November 10, 2014

COA: Three year limitations period applies to transfer-related uncapping errors

In Mikelonis v. Township of Alabaster, No. 315512, the Court of Appeals held that a three-year limitations period applies to tax adjustment claims involving transfer-related uncapping errors. The normal one-year limitations period does not apply when the assessor mistakenly uncaps a property’s value due to a supposed “transfer of ownership.”
 
In 1993, Mikelonis received a joint tenancy in her parents’ property in Alabaster.  By 2001, her parents conveyed all of their interest in the property to Mikelonis. Then the Township of Alabaster’s assessor uncapped the property’s taxable value, starting with the 2002 tax year. Mikelonis challenged the uncapping in 2010, and eventually challenged all tax years from 2007-2012.
 
Before the Michigan Tax Tribunal (Tribunal), the parties stipulated that the taxable value should not have been uncapped in 2002, because the transfer from her parents was not a “transfer of ownership” under the relevant statute. The parties entered a stipulated consent judgment, but the Tribunal concluded that it lacked jurisdiction over the 2007-2010 tax years and only accepted the consent judgment for tax years 2011 and 2012.  The Tribunal stated that it had no authority over the earlier years because Mikelonis “did not protest the Township’s property assessments to the March Board of Review and file by July 31 of those tax years . . . [and] the uncapping of the property’s taxable value was not the result of a clerical or qualified error under MCL 211.53a or 211.53b.”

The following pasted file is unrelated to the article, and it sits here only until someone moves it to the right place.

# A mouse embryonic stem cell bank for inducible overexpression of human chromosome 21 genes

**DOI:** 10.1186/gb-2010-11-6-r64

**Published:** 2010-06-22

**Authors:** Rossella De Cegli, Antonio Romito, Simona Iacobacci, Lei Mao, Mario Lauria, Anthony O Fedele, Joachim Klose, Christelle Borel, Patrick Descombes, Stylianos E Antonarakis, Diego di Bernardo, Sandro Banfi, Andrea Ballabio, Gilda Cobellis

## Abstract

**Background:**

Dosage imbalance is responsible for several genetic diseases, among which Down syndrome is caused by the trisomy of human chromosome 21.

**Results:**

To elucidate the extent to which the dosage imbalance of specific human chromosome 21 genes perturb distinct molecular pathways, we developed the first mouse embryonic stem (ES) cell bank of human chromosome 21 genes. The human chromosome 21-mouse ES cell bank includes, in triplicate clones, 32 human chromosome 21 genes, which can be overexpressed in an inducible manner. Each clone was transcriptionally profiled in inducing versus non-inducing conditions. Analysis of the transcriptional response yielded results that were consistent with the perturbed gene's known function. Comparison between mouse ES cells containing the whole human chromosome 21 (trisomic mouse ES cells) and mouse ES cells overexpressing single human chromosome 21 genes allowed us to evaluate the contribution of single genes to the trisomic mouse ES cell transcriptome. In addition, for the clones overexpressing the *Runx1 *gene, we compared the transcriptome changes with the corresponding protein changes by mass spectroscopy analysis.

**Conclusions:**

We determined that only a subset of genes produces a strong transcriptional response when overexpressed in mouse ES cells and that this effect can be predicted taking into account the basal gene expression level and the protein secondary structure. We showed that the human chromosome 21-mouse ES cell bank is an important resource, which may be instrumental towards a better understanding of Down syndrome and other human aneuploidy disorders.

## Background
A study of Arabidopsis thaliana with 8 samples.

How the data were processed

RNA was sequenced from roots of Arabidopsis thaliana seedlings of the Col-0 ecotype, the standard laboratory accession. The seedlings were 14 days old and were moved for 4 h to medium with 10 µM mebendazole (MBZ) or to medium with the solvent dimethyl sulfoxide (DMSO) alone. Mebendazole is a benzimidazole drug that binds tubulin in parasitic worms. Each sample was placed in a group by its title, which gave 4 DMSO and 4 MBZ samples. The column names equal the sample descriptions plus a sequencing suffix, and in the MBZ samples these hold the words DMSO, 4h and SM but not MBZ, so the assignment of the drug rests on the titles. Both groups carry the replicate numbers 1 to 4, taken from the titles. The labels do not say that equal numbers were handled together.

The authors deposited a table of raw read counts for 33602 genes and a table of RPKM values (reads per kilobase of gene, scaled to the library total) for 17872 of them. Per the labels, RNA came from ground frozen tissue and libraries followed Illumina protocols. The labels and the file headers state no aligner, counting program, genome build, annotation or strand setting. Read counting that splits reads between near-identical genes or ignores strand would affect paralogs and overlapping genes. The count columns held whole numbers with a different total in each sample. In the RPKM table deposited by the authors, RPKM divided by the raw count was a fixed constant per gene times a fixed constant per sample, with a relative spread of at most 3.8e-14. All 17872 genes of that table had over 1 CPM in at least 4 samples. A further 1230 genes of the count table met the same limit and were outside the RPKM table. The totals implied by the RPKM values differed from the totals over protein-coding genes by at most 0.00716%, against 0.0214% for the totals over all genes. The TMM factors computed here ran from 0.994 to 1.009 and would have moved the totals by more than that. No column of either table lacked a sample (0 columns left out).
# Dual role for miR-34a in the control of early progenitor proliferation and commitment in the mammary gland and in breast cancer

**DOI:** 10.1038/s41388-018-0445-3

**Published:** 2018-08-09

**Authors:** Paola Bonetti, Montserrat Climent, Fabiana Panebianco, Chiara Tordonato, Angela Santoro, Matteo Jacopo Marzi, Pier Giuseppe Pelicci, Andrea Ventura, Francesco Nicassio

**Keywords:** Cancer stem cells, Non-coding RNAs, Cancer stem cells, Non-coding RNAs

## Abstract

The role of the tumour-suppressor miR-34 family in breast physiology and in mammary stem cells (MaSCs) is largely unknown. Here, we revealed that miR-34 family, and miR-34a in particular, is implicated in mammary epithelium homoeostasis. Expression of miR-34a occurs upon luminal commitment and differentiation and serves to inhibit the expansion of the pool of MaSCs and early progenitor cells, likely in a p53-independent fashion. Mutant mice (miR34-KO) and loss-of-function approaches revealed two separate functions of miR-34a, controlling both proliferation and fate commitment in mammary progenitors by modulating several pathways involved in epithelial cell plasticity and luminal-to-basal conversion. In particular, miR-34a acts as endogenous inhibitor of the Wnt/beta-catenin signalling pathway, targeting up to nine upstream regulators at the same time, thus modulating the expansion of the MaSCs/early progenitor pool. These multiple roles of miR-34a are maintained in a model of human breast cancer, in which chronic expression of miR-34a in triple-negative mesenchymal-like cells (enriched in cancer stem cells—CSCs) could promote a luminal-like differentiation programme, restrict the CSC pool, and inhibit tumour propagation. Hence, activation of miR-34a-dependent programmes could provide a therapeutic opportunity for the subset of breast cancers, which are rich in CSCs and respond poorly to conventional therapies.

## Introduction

The Court of Appeals disagreed. First, the Court noted that MCL 211.27a(4) clearly states that a three-year limitations period applies to tax adjustments when the assessor corrects a “transfer of ownership” uncapping. Since Mikelonis brought her challenge in 2010, the Tribunal had jurisdiction over tax years 2007 and following. MCL 211.27a(4) further states that the adjustment in taxable value “shall be considered the correction of a clerical error”—the exact opposite of the Tribunal’s answer. Furthermore, the one-year limitations period under MCL 211.53b, which the Tribunal cited, is specifically subject to an exception for adjustments made under Section 27a(4). The Court of Appeals, therefore, held that the Tribunal had jurisdiction over all years from 2007 forward.
 
The Court ordered the Tribunal to enter the parties’ full stipulated consent judgment.